Using high-throughput sequencing to study RNA secondary structure and RNA-protein interactions globally

We have pioneered the development of high-throughput, sequencing-based approaches to simultaneously study RNA secondary structure and RNA-protein interactions on a global scale. To do this, we have married classical nuclease-based structure mapping techniques with high-throughput sequencing technology to interrogate the protein binding profile and pairing status of all nucleotides in the RNA molecules of eukaryotic organisms. We believe that the findings from these approaches highlight the importance of RNA-protein interactions and RNA secondary structure in eukaryotes and present an approach that should be widely applicable for the analysis of these key features in any and all organisms.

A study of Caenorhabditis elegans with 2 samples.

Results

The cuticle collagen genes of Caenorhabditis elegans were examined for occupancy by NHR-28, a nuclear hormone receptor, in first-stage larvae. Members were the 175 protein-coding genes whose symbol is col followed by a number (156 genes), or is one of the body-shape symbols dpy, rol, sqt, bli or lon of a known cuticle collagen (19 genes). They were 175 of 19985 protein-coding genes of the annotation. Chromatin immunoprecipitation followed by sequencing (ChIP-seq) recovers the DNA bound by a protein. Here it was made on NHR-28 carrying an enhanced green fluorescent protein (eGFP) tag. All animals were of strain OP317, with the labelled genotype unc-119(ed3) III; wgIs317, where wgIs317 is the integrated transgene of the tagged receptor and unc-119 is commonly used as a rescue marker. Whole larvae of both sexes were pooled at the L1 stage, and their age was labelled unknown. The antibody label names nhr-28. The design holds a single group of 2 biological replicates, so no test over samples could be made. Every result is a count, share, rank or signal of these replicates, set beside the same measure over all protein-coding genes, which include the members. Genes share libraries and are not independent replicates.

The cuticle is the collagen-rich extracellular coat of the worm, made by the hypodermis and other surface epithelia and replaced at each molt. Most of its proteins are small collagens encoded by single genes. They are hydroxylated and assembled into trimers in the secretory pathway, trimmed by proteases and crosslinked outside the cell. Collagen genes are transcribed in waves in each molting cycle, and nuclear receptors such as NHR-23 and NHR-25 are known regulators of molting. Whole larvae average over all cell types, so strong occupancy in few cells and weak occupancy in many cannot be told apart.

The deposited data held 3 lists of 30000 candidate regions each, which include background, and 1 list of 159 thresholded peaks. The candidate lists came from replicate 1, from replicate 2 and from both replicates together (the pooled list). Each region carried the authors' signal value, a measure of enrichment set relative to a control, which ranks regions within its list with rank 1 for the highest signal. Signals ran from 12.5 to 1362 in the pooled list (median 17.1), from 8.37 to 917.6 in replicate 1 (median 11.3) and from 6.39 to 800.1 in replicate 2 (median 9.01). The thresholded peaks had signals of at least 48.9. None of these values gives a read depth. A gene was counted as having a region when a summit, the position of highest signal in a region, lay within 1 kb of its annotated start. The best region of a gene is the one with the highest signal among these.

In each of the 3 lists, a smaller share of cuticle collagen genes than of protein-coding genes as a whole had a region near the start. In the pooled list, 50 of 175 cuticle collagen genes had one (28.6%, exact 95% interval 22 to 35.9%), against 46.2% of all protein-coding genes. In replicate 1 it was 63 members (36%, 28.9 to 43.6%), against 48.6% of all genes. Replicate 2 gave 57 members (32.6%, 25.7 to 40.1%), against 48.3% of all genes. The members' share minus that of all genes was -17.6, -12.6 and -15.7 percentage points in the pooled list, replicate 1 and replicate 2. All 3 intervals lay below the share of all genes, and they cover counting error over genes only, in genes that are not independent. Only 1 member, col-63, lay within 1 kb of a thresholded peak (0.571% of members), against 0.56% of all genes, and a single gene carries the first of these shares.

We are also using these approaches to identify all small (sm)RNA-producing substrates of RNA-DEPENDENT RNA POLYMERASEs (RDRs). More specifically, we use the combination of transcriptome-wide double-stranded (dsRNA) and small RNA sequencing to interrogate the substrates of this class of enzymes in eukaryotes. We are currently characterizing the RDRs of Arabidopsis thaliana.

Mechanisms and regulation of the transcriptome by RNA covalent modifications

We also make use of genomic, bioinformatic, and systems biology approaches with molecular genetic and biochemical techniques to identify and characterize the post-transcriptional regulatory effects of RNA covalent modifications in eukaryotic transcriptomes.